A youthful former mayor of the capital easily won El Salvador’s presidency, getting more votes than his three rivals combined to usher out the two parties that dominated politics for a quarter century in the crime-plagued Central America nation.
The Supreme Electoral Court declared Nayib Bukele the winner late Sunday, saying he had nearly 54 percent of the votes, with about 90 percent of ballots counted. Carlos Callejas of the Nationalist Republican Alliance ended in a distant second at less than 32 percent, while even farther back were former Foreign Minister Hugo Martinez of the currently governing Farabundo Marti National Liberation Front and a minor party candidate.
By surpassing the 50 percent threshold, Bukele won outright and avoided the need for a March runoff against the No. 2 finisher.
Bukele claimed victory even before the formal announcement of his win, inviting a jubilant crowd in the capital of San Salvador to celebrate in the streets.
“This is a victory for the Salvadoran public, really,” Bukele said to cheers.
All four candidates promised to end corruption, stamp out gang violence and create more jobs, with crushing crime at the top of the agenda, but Bukele’s campaign resonated more with his countrymen and polls had pointed to him as the strong front-runner going into the election. Roughly 67,000 Salvadorans belong to gangs that terrorize their communities with extortion, murder and other forms of violence.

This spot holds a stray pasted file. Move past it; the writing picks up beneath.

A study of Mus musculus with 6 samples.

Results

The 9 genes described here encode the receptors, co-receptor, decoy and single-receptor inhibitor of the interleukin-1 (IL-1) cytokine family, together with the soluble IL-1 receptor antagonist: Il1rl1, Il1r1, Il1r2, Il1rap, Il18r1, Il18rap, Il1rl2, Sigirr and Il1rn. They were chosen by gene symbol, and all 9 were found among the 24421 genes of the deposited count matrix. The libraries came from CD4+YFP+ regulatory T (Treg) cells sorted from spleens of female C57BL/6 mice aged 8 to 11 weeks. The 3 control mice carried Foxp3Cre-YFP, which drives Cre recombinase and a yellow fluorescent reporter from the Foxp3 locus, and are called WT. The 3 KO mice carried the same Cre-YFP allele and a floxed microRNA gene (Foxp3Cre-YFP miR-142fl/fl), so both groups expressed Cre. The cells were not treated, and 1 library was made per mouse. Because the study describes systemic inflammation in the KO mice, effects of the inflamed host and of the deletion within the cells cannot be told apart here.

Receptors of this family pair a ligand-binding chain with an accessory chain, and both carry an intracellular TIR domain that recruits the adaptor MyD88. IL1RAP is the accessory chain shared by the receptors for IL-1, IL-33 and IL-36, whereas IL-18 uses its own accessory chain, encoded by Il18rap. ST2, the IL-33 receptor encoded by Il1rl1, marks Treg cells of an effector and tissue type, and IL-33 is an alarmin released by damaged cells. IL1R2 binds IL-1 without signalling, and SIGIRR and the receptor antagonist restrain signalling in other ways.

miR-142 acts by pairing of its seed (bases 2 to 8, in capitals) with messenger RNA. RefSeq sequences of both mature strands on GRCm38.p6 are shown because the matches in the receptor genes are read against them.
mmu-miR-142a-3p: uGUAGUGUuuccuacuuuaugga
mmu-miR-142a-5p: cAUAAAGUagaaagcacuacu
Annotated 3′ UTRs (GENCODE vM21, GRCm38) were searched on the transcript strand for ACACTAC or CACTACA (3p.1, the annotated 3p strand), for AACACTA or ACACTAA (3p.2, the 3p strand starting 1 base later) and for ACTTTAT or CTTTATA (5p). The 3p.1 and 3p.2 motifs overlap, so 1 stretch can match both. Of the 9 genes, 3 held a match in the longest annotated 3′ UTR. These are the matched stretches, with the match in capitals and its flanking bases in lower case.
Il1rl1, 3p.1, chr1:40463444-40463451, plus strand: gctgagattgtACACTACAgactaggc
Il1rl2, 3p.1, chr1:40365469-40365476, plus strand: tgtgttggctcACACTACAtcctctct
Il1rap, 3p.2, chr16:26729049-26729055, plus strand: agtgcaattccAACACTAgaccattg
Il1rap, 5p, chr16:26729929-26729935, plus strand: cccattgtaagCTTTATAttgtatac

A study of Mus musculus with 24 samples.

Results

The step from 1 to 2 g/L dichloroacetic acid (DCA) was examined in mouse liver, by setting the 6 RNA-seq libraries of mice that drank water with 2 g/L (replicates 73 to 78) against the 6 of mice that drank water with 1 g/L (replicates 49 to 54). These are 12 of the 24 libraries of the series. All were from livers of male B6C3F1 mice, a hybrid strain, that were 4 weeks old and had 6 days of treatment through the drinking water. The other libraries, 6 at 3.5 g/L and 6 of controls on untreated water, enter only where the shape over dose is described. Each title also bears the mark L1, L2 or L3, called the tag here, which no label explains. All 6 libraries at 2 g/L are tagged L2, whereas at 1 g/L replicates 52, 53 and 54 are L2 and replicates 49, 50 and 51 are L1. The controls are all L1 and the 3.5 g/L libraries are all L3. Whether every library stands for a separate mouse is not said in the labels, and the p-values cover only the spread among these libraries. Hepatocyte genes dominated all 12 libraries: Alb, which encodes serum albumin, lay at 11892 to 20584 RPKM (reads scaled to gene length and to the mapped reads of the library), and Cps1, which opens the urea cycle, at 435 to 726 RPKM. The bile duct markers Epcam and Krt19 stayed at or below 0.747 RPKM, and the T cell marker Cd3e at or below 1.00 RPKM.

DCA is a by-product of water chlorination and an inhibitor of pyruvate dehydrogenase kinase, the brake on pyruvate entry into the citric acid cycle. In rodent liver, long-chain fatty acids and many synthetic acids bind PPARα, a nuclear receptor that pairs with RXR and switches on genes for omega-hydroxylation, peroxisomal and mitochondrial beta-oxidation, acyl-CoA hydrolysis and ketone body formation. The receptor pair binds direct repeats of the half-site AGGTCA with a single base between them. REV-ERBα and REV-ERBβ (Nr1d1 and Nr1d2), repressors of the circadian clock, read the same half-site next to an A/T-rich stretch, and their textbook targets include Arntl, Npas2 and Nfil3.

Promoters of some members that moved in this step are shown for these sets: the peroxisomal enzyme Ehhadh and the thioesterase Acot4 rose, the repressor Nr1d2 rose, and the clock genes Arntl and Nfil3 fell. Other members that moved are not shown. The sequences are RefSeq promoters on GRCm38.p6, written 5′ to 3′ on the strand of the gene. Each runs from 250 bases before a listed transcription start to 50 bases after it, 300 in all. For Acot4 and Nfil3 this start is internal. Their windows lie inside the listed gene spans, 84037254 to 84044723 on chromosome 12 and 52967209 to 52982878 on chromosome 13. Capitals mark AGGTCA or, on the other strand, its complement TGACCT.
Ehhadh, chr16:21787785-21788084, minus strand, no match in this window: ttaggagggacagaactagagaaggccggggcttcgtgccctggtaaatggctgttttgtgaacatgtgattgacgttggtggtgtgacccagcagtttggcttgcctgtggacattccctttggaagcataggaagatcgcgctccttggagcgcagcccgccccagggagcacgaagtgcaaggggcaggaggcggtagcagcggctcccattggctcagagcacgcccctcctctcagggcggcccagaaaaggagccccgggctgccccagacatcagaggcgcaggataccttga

The candidates proposed creating economic opportunities and restoring social values to dissuade Salvadorans from engaging in criminal behavior.
El Salvador is small both in size and population, with just 6.5 million people. Close to a third of its households live in poverty, while the World Bank says per capita income is $3,560. Salvadorans searching for a better life have joined recent caravans of migrants trekking across Mexico hoping to reach the U.S.
Bukele, 37, made his political debut in 2012 as a small-town mayor with the FMLN and won election in the capital three years later, automatically making him a potential presidential contender. But his frequent criticism of the leftist party’s leadership got him expelled, and he ran for the presidency as the unlikely standard-bearer for the small, conservative Grand Alliance for National Unity, whose initials — GANA — mean “win” in Spanish.
The FMLN and the conservative Nationalist Republican Alliance, known as ARENA, had dominated El Salvador’s politics since a 1992 peace deal ended a vicious civil war. But both parties have been stained by corruption scandals and neither has been able to stem gang violence.
“I came to vote because I want the country to change, because we are tired of so much corruption,” said one voter, Estela Henriquez, at a polling place in the capital.
More than 4,500 election observers, including representatives of the Organization of American States and the European Union, were on hand. There were no reports of major problems in voting.